I’m sure you’ve sat in meetings where you go round the table and give updates on progress. You could argue that it’s not the most interesting or effective use of everyone’s time, but it is used in many settings. For example, if you have a team of project managers meeting and it is useful to share a couple of points about the work that is going on, as the rest of the team wouldn’t necessarily be aware of it while they are busy on other projects.
However, I also know that many people hate the ‘creeping death’ of going around the room for updates. Below are a few tips from my experience that will help you in your next ‘round table update’ meeting.
If your team meetings or PMO meetings have a section where you go round the table giving updates about progress and what you’ve achieved and so on, then you should know it’s coming. It might be specifically called out on the agenda or just part of your normal meeting practice.
Spend some time before the meeting – just a few minutes – writing down a couple of bullet points so you have something to say when called on. These can be about your projects, successes, blockers or dependencies on other projects that would be worth highlighting to the group.
If you aren’t given a time limit, assume you have hardly any time! Three minutes feels like a very long time to the other people having to listen to you, so I would suggest less than that if you can, especially if you have nothing much to report.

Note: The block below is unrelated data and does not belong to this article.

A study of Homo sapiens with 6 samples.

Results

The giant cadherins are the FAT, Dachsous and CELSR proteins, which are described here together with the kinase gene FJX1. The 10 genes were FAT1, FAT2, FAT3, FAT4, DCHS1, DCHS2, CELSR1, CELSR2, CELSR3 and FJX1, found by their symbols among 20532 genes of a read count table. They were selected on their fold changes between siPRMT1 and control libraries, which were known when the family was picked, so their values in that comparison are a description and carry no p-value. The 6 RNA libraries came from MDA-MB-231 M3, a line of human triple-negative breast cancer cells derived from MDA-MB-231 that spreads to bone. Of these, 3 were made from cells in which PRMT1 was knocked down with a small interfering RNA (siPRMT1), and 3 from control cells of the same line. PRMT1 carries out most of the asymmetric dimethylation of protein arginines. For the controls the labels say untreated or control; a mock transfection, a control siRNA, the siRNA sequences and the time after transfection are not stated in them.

If you are the first to go, you set the unofficial time limit for the group, so it’s even more important to be speedy.
Don’t repeat what another colleague has already said or things that the team already knows or has heard about. For example, if you said a milestone was completed when you all met up last week, you don’t need to say it again. It’s worth keeping track of what you did say for this exact purpose – I often find people repeat status updates that we covered last week and I have to assume they don’t remember telling us about it previously.
It's also common that several people with the project office will be working on the large projects, and the person who goes first may well share the big successes or challenges for that project. You don’t need to say them again; just say, “To build on what X has already said about the Y project,” and share something different. Make a note of a couple of different updates you could give and cross them off your list if anyone else says them first!
Focus on specific things. Talk about what issues you are having or successes the team achieved. Share where you need help or what you know they are most interested in. Focus on things that overlap with other projects, for example, where you share resources, as these are the information points that will help others in the team manage their own work more successfully.